JWT’s Matt Eastwood’s hiring mantra: avoid assholes

This is “View from the Top,” the first in a new Digiday series featuring creative leaders talking about their career paths and leadership perspectives.

Matt Eastwood is jet-lagged. The newly minted global chief creative officer of J. Walter Thompson has just returned from a weeklong “listening tour” of the WPP agency’s offices in Hong Kong and Singapore — one of many this year that will take him through the agency’s offices in India, China, Australia and Europe. In between flights, we caught up with him to chat about his first few months in the corner office, and we took a stroll down memory lane with him.

This interview was lightly edited.

When did you figure out you wanted to be in advertising?
I was really lucky. I knew what I wanted to do when I was 13, which is bizarre. I’m not sure why I decided to go into advertising, but I was definitely a little bit influenced by Darrin Stephens of “Bewitched.” That’s probably how I found out about this industry.

I remember being 13 years old and saying I wanted to be an art director. But once I graduated from university, where I studied graphic design and majored in advertising, I spent the summer in Perth, Australia, looking for jobs. I couldn’t find anything for months.


Then, I saw a position advertised for a senior copywriter and said, “Fuck it.” I wasn’t senior and I wasn’t a copywriter, but I wrote a nice letter; they gave me an interview and gave me a job. It must have been a really passionate cover letter.

What were some of the earliest leadership lessons you learned?
About four months into my first job, FCB approached me and asked if I would take on a better job. I said, “I don’t know,” and I told my boss about it. And he said you should really think about it. He said, “We love you to death, but I think I’d be doing you a disservice if we didn’t do it.” He’s since become my lifelong adviser.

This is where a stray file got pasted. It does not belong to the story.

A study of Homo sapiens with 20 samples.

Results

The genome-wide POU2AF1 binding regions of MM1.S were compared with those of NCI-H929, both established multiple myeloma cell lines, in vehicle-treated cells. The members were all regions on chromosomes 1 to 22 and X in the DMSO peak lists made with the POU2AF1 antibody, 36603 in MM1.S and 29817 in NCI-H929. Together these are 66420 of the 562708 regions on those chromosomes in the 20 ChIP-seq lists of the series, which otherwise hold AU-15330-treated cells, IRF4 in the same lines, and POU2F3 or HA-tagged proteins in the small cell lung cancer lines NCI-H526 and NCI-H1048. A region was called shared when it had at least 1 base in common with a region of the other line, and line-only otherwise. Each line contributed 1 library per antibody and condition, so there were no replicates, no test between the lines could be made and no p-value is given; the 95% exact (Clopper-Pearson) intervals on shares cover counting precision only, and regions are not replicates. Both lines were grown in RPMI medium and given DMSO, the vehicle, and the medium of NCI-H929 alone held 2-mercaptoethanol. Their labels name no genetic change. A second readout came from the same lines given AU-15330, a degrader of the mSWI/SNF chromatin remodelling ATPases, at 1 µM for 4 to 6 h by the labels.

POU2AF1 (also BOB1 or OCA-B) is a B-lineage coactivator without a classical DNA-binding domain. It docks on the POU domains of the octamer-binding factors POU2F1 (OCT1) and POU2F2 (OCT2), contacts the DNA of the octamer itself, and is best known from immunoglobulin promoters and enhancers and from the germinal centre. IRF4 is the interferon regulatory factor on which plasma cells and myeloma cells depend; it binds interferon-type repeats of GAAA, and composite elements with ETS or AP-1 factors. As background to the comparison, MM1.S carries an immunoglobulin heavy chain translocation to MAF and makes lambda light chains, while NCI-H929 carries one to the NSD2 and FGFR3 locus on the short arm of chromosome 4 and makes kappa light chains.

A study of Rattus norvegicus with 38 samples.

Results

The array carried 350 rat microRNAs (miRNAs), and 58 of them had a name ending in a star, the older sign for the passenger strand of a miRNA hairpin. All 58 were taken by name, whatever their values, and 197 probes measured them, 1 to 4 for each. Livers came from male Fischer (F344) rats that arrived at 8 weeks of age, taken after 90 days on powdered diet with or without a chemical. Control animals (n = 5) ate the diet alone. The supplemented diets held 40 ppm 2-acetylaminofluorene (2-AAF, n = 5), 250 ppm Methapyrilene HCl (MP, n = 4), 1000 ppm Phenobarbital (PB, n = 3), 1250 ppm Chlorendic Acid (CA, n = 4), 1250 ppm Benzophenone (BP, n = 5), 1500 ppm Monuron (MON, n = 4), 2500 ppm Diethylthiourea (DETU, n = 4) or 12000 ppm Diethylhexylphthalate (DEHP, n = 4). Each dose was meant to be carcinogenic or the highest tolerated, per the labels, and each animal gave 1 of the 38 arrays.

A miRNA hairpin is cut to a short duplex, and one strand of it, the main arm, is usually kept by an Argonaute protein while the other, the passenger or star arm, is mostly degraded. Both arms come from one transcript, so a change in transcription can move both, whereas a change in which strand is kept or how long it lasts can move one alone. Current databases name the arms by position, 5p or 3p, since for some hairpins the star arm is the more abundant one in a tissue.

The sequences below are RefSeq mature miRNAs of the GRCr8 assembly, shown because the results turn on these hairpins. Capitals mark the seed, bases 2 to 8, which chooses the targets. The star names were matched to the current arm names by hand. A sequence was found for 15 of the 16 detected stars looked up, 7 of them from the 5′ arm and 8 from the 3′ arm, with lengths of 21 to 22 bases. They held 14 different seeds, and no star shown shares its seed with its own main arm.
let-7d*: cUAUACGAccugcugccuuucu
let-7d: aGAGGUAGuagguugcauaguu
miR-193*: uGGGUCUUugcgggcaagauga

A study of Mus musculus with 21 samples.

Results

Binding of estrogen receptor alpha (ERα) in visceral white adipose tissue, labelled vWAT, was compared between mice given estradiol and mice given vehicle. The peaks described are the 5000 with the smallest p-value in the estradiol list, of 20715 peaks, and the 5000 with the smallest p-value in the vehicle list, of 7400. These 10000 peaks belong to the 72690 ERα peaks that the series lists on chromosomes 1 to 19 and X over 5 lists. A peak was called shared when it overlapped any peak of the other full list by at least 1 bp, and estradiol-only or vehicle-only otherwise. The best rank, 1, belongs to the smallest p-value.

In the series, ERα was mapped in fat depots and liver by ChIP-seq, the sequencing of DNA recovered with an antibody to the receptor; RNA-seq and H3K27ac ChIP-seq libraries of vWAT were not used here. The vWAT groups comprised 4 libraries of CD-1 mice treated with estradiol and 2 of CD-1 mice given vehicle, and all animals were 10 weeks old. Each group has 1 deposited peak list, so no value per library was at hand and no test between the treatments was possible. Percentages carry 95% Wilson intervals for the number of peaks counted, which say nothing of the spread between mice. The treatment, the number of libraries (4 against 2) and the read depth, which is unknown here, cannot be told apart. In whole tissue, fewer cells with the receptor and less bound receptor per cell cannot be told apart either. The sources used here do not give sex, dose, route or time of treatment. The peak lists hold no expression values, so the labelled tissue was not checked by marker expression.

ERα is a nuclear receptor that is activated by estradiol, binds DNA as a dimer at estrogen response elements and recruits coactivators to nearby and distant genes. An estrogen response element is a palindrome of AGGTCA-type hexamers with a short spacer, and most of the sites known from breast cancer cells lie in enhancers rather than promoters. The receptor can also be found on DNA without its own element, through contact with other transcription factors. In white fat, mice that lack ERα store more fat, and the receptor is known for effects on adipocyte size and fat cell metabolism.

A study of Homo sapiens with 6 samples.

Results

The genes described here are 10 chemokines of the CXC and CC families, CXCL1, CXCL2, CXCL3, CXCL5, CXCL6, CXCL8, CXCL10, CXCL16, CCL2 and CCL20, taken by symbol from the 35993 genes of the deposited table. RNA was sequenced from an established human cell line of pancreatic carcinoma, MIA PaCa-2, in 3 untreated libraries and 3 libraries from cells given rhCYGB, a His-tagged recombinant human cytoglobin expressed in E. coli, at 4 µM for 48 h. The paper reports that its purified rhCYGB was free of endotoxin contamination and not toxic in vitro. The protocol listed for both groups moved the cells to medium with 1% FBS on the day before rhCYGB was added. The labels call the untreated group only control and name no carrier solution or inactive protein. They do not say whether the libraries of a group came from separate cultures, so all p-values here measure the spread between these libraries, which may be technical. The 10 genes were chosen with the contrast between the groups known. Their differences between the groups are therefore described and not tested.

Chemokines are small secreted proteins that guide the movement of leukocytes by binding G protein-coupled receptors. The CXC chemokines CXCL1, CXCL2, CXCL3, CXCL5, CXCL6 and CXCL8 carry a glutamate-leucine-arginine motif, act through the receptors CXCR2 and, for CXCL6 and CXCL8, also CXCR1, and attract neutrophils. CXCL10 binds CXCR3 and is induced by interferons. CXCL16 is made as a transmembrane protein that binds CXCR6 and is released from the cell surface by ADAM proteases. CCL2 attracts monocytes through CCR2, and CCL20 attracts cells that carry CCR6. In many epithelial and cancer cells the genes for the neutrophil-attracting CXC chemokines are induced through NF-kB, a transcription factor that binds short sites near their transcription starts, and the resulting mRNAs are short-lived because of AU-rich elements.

I remember when I walked in to that job. On the first day, he asked me, “Have you read ‘Slaughterhouse 5′?” I hadn’t. “Catch 22”? I hadn’t. He bought me a stack of 15 famous novels and put them on my desk. It was a lesson for me in giving people opportunities and the help they need to be successful.

What is your foolproof way of figuring out whether you want to hire someone?
One is I only try and hire nice people. I think I’ve passed over really talented people because they’re assholes. I made the mistake of hiring an asshole once, and while we did do some great work, he was so disruptive to the company that I realized it wasn’t worth it. He ruined the culture and made people hate the place. So I start with that.

But how do you figure out if someone’s nice?
You can ask around to find out if someone’s nice. It’s pretty easy. People usually tell you when someone is an asshole.

Do you have another way?
My other thing is I really look hard for people who are passionate about things. I often ask them, “What do you do in life? Are you into photography? Are you a water-skier?” And I think if you can find someone who is passionate about something in life, that person is it.

Passion trumps talent every time.

Yes, but isn’t it easy to fake passion?
I get pretty personal pretty quickly. I’m breaking all sorts of human resources laws in the U.S. I get a sense of how they live their lives and what their partner does. What they did on the weekend. Everything. It gets personal.

What is one of the first things you did when you started at J. Walter Thompson?
Definitely the thing I’m doing is listening. I don’t want to presume to know everything about the job. I’m spending a lot of time in New York with the creative leaders and office leaders to find what does and doesn’t work about the environment.

I think that — and this might sound weird but — creativity sort of thrives in an environment of controlled systems and organization. I’m putting a lot of structures around approach to creativity. We already have a global creative council. But sometimes councils don’t take responsibility. My thing is, I really want them to take responsibility for the mission of the company and put programs in place to help us with our creative goals.